Jamie

Joaquin

John

Tami

Tim

 

Alan's Story

I met Alan in the summer of 2007 at his home that he lived in with his mother, Karen. Alan is a vibrant young man who lived a typical life until the age of 11. He participated in school activities, sports, and clubs. On June 2nd, 1993, Alan had an arteriovenous malformation (AVM) while attending a Boy Scout meeting. He subsequently had a cerebral hemorrhage and ended up in a coma. Since his AVM, Alan has been using a wheelchair and has had to learn how to eat, breath, toilet and transfer on his own.

Alan decided long ago not to let his AVM define who he was or is going to be. Alan’s mom Karen adapted her house perfectly for Alan’s accessibility and has been a fierce support and advocate to him. They have a very close relationship, one that is unbreakable. Alan is an athlete and a student at San Diego State University. He is working toward a Communication degree and hopes to become a screenwriter. Alan also serves as the Associated Student Body Disability Commissioner at San Diego State University.

Upon meeting Alan, two things were clear: 1) Karen was skeptical, though supportive of his desire to move into his own place with the help of his selected supported living agency Life Works. 2) Alan had a specific idea of where he wanted to live and was determined to be as patient as possible in finding that place. He put his name on waiting lists for several apartment complexes that met his standards along with offering “affordable rates” and waited for the call. It took over a year from when our agency was officially ready to provide support to when Alan found the place he currently lives. It was during this time that we as an agency began to realize that Alan would be the living example of someone who would flourish and grow as an independent person once he lived on his own. It seemed that he may be held back by his mother and her concerns at times, but since his move, Alan has found a great balance of living on his own and developing an adult relationship with his mother.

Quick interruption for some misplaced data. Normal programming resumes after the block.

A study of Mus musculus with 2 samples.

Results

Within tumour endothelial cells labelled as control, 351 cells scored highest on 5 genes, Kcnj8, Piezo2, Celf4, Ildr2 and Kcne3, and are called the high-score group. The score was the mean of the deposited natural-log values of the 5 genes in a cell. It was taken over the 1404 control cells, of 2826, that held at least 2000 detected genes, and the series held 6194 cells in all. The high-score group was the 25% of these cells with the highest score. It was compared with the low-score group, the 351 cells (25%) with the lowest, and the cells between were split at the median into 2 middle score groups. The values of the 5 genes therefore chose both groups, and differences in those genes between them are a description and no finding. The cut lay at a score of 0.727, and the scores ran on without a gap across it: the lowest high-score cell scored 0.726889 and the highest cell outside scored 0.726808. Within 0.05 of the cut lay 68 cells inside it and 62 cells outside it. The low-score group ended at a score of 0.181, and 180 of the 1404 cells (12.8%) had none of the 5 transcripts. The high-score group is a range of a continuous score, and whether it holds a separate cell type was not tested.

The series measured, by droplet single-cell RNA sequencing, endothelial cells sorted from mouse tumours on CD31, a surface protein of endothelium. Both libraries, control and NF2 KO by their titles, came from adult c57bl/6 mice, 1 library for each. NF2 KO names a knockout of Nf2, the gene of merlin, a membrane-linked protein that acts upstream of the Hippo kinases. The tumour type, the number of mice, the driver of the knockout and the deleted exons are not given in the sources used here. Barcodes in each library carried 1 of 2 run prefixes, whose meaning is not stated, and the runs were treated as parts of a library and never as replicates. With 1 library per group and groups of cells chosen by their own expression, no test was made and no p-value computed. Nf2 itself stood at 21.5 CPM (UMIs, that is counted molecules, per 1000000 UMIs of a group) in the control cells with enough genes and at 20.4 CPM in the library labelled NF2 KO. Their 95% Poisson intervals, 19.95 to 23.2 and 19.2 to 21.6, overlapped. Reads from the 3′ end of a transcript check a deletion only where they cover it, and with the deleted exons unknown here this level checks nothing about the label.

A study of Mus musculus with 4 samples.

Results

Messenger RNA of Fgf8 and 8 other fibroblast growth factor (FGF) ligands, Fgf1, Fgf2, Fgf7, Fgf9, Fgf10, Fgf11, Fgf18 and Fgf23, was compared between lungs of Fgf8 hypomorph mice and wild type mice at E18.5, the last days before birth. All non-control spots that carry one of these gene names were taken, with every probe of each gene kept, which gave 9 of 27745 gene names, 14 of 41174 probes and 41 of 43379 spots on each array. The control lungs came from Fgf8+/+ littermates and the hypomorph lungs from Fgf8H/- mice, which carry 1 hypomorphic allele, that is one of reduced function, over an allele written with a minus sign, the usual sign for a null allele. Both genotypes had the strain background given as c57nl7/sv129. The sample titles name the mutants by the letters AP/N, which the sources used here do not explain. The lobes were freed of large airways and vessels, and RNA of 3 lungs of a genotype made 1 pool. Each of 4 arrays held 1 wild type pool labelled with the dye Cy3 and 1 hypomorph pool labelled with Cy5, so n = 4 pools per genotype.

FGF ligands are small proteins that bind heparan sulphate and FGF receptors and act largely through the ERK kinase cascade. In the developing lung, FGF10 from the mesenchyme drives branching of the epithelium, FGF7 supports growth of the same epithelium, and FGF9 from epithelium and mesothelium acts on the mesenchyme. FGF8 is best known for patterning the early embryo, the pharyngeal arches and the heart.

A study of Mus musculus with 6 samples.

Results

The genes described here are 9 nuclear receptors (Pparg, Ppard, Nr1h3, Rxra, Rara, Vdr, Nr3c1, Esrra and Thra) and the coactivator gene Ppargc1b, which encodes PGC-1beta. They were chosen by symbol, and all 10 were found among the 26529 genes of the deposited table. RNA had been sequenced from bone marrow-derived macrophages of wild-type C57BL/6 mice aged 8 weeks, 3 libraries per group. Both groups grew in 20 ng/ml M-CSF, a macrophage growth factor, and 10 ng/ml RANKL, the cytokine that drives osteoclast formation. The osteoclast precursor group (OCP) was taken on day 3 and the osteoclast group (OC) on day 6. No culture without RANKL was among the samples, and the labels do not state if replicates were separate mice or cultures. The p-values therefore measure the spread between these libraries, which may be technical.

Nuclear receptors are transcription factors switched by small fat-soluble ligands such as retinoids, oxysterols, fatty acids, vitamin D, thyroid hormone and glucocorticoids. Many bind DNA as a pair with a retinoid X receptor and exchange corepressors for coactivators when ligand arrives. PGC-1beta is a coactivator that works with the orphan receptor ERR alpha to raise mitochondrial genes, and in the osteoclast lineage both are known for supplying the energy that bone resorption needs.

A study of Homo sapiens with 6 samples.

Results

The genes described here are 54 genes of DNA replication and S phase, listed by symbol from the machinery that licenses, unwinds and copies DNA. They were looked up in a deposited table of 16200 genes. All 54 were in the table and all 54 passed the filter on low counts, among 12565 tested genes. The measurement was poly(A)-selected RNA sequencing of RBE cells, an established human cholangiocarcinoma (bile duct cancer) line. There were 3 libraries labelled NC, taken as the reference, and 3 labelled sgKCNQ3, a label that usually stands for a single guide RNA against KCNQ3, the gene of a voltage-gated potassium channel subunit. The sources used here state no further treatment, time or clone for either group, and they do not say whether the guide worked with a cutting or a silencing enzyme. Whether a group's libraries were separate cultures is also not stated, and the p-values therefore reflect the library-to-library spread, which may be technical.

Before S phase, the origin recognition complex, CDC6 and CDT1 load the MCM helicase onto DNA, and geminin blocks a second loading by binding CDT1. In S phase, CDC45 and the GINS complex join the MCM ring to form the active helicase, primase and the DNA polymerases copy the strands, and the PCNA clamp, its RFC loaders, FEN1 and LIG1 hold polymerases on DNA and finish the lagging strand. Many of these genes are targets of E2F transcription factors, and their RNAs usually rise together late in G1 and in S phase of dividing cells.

Alan lives independently now, with supports, in a luxury apartment complex. He moved into his apartment in September 2008. His apartment is along the Trolley Line, by no accident, making getting to school and appointments manageable. Alan has learned how to direct his services through interviewing potential support people, dealing with concerns and issues directly with the person involved, and collaborating with his Life Work’s management team. It is a pleasure to watch Alan spread his wings. He leads as “normal” a life that any mid-20’s college student does. It is truly amazing to be a part of his evolution as an independent person in the community. Alan breathes everything that is right about supported living and it is my hope that he can continue to realize every dream his life has ever presented. Who knows, maybe Alan’s story will inspire both individuals who dream of living life on their terms and individuals who hold the power to keep supported living services an option for people.